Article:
About Sage Walker
I’ve done a lot of things. Some of them gave me degrees, so let’s get that out of the way. I’m a high school dropout because I went to college early. I have a B.S. in Zoology with a 70 hour minor in music and an M.D. from the University of Oklahoma.
I was born In Oklahoma. I lived in Cambridge and in Marshfield, Mass while I was interning and then worked Ob-Gyn for a while in the Cambridge Hospital. I practiced Emergency Medicine for seventeen years, in Oklahoma City and briefly in Bellingham, WA before I moved to Taos in 1974. My company set up the first 24 hour Emergency Physician coverage for Taos and Los Alamos and we covered the Santa Fe hospital. I saw my last paying patient in 1987 and went to Clarion West in 1988.
My significant other, Hank Messinger, and I moved to Albuquerque in 1992, so Hank could get another degree. We planned to be here a couple of years. We’re still here. New Mexico has a lot of science fiction writers in Albuquerque and Santa Fe, and that’s a good thing.
I have more than 40 hours of flying lessons and I passed the written exam while I was in Bellingham. I didn’t take the flight exam because my flight instructor in OKC, Blackie Whittington, once said, “Don’t fly over water, and don’t fly over mountains.” Bellingham is water, and Taos is mountains. A small plane flight from Taos to Santa Fe, plus the drives to the airports in both places, took longer than driving along the Rio Grande, and anyway, I didn’t have the money to fly, not really. I did enough touch-and-goes that I think I could still get a small plane down, but it’s not something I’ve tested for a long, long time.
It happened that one of the docs from “The Hill” (Los Alamos) came by the Santa Fe ER and asked me if any of my guys would like to go to the Marshall Islands as the ship’s doc. There was a team out of Lawrence Livermore that would be studying radiation on the atolls, he said. I said I knew of at least one person who was interested. Me. Some of my “guys” took tours also. So I was briefly (six weeks) a ship’s doc on a U. S. Navy ship that had a chopper crew that had served in Viet Nam, a Merchant Marine cook, and a medic from Singapore.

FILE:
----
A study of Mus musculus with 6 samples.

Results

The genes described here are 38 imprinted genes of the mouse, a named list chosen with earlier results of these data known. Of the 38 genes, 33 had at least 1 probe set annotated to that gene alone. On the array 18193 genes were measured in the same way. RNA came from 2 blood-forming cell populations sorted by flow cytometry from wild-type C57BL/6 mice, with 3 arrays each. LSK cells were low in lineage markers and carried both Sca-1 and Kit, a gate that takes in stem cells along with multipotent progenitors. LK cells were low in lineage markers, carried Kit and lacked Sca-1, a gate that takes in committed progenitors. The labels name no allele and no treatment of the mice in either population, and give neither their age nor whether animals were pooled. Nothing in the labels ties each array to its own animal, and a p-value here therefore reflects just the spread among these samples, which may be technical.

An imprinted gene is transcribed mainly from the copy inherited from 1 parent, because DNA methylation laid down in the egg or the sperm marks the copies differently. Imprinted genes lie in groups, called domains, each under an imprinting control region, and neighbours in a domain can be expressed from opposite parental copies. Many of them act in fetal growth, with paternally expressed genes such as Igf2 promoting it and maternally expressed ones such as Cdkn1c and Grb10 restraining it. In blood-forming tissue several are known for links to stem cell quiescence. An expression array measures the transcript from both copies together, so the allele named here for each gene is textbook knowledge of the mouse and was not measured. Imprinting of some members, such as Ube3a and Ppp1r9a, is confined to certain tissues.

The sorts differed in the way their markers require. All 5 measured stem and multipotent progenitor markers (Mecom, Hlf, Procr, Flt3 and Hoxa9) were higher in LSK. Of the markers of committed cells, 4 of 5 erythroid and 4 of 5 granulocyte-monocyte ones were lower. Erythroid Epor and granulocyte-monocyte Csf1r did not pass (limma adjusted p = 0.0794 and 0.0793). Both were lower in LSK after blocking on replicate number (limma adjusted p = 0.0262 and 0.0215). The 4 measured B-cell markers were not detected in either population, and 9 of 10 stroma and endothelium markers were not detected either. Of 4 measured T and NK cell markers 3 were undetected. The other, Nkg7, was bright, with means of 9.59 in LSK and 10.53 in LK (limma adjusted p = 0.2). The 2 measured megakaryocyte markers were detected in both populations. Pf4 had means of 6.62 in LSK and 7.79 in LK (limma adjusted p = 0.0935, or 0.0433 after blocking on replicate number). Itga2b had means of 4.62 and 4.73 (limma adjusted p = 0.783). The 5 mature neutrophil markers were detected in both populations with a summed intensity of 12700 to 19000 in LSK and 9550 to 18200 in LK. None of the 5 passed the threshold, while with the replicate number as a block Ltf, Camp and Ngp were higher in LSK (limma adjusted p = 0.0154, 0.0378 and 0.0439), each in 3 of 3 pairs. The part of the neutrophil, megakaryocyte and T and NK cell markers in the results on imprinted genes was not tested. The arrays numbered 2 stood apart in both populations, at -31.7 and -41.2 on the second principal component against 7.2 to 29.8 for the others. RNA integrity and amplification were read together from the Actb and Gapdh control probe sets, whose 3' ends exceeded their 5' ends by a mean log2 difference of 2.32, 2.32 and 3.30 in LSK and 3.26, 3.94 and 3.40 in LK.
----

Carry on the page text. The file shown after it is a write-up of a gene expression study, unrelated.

Some kids think milk comes from stores. I spent my early years on a farm and I know milk comes from cows, because I remember going out to the barn and watching Daddy milk the cow. If my baby sister and I toddled out there, Daddy would squirt milk at the barn cats. We were terrified and delighted by that, because cats catching milk in mid-air is amazing to watch.
But books, I was absolutely convinced, came from stores. Authors were magical figures, full of wisdom and erudition. I never met one until I was in my thirties. I thought they were all rich and only gave interviews to magazines on rare occasions.
Books were and are a bedtime sedative that usually works. Sometimes I come across a “killer novel” that keeps me awake all night, and that is true joy even if I pay the price the next day. Books are escape, refuge, and comfort. Science fiction is a favorite, but like you, I’ll read almost anything, and my education and my job left me with gaps in reading about history, archaeology, all sorts of things. I’ve been trying to catch up.
Science fiction is a conversation, sometimes an argument, between people who are sometimes scientists, always dreamers, and sometimes, rarely but wonderfully, poets. Its practitioners show up at meetings called “cons,” and when they do, they are amazingly approachable and they work very hard. They talk about writing and how to do it, and when they are together in groups, their discussions range all over the universe. I like science fiction writers a lot.
Eventually, it occurred to me that books had to be written by actual people. I’ve tried to learn some things about how it’s done. Did I mention I have “perpetual student syndrome?”
I live in beauty, here in New Mexico, and I need landscape the way I suppose Londoners need fog. I do all sorts of needlework and sewing. I explore the world’s cuisines in my kitchen. I garden and these days I’m studying Norwegian, although I’ll always read it better than speak it. I stare at elk in the mountains, and I’ve seen a bear and a cougar in the wild. I love wilderness, solitude, and good company.
But right now there’s another book to write, and dinner to cook, so we’ll talk again soon, okay?
Acknowledgements for Man in the Tree
- Melinda M. Snodgrass, M.T. Reiten, Ian Tregillis, and Brett Shapiro offered invaluable comments on this novel, one rough draft section at a time.
- Eric Kelly did a superb beta read.
- Toby Messinger supervised IT.
- Geoff Landis and Steve Howe graciously permitted me to misuse some concepts they work with in real life.
- Daniel Abraham listened to my ideas way back at the beginning of this, while a very young Scarlet sat on my feet and watched Chicken Run.
Science fiction is recursive. It’s a discussion, often a heated one. Poul Anderson, Fritz Leiber, Gene Wolfe, Michael Bishop, Chip Delany, Greg Bear, Stan Robinson, and Neil Stephenson, among others, have done their best to teach me about generation ships, in person and in print. I am deeply grateful to each and every one of them.